The power plant had been operating at less than half its usual capacity since Unit 3, the plant's largest generator, shut down on August 9. Ordinarily, the plant produces 2,100 megawatts but just over half of that power comes from Unit 3's 1,233 megawatt pressurized water reactor.
The shut down was caused by the unexpected loss of an electrical distribution panel that supplies power to some instrumentation that monitors feed water. Feed water is the water that goes into the steam generators that turns into steam. When the water levels dropped in the steam generator, the plant's safety systems automatically shut the reactor down.
The shutdown was not considered an emergency, as the safety systems worked exactly as they were supposed to, but the plant did notify the Nuclear Regulatory Commission (NRC). Unit 2 was not affected and continued to operate as usual.
Dominion has been in touch with the NRC a second time since then to notify the regulatory agency that it would be conducting scheduled preventative maintenance on the radiation monitor inside the Millstone stack this past Monday.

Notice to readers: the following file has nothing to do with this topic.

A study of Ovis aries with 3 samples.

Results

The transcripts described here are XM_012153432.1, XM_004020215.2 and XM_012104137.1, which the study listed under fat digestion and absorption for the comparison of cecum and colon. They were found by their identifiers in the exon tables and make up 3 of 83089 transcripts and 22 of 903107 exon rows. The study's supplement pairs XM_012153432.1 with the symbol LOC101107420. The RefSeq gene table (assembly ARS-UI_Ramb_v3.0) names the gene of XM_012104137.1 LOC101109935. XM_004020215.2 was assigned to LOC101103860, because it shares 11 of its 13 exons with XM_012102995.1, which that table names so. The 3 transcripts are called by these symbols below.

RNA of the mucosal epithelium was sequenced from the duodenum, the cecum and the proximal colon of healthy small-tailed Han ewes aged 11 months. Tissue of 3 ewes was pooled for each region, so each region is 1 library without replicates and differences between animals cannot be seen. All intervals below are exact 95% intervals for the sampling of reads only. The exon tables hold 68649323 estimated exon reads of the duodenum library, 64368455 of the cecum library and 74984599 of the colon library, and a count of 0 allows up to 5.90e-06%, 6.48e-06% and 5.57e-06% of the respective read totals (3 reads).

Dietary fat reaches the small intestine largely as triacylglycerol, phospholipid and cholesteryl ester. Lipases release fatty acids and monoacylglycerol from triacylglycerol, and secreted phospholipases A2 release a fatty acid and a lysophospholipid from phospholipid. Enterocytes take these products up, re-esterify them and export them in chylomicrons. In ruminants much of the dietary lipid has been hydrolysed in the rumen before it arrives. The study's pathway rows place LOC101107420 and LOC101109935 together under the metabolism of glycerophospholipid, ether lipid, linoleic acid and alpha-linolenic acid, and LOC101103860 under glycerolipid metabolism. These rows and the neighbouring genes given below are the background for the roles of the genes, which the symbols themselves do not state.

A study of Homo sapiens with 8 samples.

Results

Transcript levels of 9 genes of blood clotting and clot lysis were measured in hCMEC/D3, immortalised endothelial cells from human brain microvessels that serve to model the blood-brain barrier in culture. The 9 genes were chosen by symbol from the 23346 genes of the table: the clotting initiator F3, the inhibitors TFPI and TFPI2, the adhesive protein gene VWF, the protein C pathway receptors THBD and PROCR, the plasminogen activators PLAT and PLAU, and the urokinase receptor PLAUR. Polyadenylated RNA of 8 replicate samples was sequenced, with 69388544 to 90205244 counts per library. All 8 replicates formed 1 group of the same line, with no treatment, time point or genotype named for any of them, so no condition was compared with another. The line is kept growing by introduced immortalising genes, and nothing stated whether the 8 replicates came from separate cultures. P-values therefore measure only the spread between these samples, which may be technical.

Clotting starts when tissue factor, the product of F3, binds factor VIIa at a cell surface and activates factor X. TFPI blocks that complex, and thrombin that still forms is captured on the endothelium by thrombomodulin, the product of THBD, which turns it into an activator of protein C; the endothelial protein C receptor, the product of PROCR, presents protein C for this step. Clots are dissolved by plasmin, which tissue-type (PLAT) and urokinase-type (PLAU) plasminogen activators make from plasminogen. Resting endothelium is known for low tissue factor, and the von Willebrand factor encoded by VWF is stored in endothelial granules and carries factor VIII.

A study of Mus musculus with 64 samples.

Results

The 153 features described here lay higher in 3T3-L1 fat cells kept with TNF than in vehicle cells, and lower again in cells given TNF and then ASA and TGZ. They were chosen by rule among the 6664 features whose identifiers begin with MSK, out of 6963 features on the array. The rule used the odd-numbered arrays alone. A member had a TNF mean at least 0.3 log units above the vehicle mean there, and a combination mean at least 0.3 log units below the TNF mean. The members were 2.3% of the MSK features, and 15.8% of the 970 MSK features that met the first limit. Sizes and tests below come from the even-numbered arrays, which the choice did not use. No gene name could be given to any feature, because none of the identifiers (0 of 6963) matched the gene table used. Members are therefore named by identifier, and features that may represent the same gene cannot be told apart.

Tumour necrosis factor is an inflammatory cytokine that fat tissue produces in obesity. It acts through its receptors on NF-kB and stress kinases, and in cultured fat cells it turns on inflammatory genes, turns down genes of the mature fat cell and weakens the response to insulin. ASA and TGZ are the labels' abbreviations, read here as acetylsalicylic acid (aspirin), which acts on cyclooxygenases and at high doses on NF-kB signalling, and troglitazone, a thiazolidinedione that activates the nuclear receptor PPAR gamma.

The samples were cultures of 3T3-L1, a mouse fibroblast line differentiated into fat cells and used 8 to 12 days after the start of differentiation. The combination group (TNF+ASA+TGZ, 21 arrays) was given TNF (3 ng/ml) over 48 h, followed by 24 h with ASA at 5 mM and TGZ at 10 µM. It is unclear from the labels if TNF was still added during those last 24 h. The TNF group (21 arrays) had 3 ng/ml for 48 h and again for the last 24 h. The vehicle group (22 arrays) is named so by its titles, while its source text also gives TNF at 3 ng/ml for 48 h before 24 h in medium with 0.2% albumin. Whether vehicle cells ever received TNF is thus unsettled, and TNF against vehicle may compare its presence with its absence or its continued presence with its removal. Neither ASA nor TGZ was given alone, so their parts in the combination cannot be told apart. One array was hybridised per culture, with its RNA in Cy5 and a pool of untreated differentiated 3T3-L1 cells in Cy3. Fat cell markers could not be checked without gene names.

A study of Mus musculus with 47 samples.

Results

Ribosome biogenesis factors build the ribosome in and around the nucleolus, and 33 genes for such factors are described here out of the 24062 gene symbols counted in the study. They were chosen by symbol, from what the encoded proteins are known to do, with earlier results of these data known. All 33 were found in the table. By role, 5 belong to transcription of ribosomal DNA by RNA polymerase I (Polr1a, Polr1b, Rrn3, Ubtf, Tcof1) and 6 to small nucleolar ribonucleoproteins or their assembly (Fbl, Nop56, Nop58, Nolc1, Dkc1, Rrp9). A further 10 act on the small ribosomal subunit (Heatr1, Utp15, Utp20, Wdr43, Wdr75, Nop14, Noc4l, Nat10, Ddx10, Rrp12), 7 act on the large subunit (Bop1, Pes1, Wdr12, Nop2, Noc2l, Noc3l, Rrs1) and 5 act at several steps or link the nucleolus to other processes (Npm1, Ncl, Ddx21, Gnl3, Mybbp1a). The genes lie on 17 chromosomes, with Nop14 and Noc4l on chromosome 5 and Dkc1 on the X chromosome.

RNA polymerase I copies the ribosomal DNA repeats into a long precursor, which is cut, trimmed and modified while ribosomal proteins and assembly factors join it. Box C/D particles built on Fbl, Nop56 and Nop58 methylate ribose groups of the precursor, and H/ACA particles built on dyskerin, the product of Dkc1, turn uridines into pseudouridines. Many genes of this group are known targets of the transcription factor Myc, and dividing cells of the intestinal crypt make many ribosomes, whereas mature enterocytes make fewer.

The plant has numerous monitors around the site that track radiation levels. This one, however, is the only monitor in the stack and it failed a surveillance test on April 16.
"There was a pump associated with the radiation monitor that circulates air that wasn't working," said Dominion's Millstone spokesman, Ken Holt. "We didn’t think we needed to notify the NRC for that but after discussion with our resident inspectors we decided we did. The radiation monitor was restored to service April 21."
On Monday, the radiation monitor was out of service again from 1 p.m. to 3 p.m. for maintenance. "We notified the NRC and state and local officials that needed to be notified," Holt said.
When the radiation monitor is offline, Holt said, "There are compensatory actions we can take but they don’t provide the same assessment capabilities as the radiation monitor does. The reason we do planned maintenance on them is to ensure they are working."